My dad is a funny guy in an odd sort of way. He has a huge stockpile of jokes – all of them old, most of them told time and again – but that’s not what makes him funny. Funny are the comments like “I was born on a Friday. I know because we had fish for dinner.” He could always suck you in with a story about a guy he worked with, a relative, or a friend, but the story always ended in some sort of way that made you leave knowing it couldn’t be true, but wondering if it was.
Yesterday, when Ann was struggling to get him to eat dinner, which was a bigger fight than getting him to eat lunch, he looked at her and said to her in absolute frustration, “Your as bad as Ann!” In the moment, how sad was it that he didn’t know his wife of 12 years? But 24 hours later, it was something my dad might have said anyway. This morning, like every morning, Ann said to my father, “I love you.” Every morning, he has responded, “I love you too.” This morning, he didn’t respond. She said, “Don’t you love me back?” My dad finally responded, “No, I love you front.” That was a little bit of him still coming through.
My dad stopped talking shortly after that. He has uttered no other words this entire day, and he has stopped eating. By the time I left tonight, the word “coma” was being bandied about, but only by those of us at his bedside. When dinner came and Ann tried to rouse him, she got no response at all. He didn’t grunt, he didn’t get “bitchy”, he just didn’t do anything. Ann, who has been so persistent at making him eat, resigned herself to the fact that he has officially stopped eating. The nurse came in, she moved his position, put on the nebulizer mask for a breathing treatment, cleaned him up a bit, and he didn’t wake for any of that. No reaction or response whatsoever. And he has had no medication today at all. I think Ann was going to ask the nurse later tonight how we would know if he was in a coma, but as of the time I left, she simply said, “I don’t think he’s going to wake up for us again.”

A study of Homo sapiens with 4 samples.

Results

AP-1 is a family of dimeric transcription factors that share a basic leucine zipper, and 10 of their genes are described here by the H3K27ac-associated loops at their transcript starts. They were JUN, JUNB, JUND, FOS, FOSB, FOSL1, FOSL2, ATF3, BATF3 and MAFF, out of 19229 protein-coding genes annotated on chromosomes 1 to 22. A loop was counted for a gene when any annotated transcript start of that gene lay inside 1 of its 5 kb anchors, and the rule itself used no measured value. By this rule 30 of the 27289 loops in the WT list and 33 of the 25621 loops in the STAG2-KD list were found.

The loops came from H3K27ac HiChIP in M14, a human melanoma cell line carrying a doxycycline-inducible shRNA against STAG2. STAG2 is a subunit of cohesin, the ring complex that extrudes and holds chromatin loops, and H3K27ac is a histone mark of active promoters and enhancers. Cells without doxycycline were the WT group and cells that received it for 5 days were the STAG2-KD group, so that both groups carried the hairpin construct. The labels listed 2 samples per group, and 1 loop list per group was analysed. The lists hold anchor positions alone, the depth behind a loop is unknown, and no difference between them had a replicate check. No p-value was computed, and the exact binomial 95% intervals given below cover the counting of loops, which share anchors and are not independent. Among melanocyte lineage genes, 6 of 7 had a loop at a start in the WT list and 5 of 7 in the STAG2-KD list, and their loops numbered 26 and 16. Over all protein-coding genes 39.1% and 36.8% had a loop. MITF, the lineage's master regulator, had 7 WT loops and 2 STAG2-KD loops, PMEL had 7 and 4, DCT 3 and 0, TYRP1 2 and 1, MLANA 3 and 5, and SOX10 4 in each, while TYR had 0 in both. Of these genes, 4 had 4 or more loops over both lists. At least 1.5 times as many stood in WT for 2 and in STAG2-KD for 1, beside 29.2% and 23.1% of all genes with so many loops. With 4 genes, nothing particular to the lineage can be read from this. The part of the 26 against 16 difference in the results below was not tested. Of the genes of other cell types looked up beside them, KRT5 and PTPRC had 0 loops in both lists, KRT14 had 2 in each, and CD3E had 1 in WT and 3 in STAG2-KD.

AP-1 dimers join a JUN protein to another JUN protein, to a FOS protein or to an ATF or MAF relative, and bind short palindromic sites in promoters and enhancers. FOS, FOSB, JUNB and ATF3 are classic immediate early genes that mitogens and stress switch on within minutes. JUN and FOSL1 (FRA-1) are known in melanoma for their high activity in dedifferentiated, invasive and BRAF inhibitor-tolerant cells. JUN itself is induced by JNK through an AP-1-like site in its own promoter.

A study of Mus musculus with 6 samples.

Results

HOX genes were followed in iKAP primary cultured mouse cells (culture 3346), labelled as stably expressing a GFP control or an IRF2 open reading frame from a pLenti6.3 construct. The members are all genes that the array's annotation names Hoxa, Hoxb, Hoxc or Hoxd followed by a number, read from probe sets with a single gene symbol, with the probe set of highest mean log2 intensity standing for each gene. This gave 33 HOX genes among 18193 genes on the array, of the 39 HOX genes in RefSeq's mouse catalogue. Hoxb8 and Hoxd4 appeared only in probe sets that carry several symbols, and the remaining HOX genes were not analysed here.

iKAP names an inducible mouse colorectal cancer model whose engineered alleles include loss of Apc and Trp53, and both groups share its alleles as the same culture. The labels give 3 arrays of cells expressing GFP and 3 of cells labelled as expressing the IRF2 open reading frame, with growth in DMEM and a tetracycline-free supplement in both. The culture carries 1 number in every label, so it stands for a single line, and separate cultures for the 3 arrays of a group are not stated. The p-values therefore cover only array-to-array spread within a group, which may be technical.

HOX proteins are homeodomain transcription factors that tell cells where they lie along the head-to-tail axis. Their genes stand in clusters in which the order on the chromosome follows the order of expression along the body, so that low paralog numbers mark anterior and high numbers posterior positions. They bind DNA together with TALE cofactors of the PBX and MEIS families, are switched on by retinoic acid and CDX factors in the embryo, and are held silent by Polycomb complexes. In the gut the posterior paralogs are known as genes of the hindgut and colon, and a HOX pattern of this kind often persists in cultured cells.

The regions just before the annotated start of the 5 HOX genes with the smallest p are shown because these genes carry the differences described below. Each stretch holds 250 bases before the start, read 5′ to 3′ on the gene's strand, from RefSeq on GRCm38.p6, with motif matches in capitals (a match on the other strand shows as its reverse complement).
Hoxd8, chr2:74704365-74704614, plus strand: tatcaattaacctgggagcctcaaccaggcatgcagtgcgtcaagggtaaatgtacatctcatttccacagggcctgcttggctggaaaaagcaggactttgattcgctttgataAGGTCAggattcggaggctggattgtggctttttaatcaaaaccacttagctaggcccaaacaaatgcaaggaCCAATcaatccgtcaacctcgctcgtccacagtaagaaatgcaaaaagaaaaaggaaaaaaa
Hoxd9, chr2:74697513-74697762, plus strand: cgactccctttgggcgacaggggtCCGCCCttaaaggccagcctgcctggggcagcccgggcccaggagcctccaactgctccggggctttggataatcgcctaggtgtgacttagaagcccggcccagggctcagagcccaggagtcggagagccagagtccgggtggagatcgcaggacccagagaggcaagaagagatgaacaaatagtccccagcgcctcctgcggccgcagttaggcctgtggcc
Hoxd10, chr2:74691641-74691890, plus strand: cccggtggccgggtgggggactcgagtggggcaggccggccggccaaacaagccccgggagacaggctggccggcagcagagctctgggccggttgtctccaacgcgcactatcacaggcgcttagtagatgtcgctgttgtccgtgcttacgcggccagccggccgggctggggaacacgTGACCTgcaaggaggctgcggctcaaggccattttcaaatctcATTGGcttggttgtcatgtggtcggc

His breathing was difficult to listen to. The doctor today said his lungs are surprisingly clear, but there is such an accumulation of fluid in his throat that when he breathes in, it sounds as if he is under water. And he would breathe in two or three times, then not at all for 30 or 45 seconds. I started to hold my breath with him, and sometimes, it was hard for me to hold as long as he was holding. I waited for there not to be any new breath in. Then there would be one. Or two. Or three in a row. I left before there wasn’t a next breath. I don’t know if I want to be there when the last breath is taken. I want there to still be something to laugh about. That’s how my dad would want things.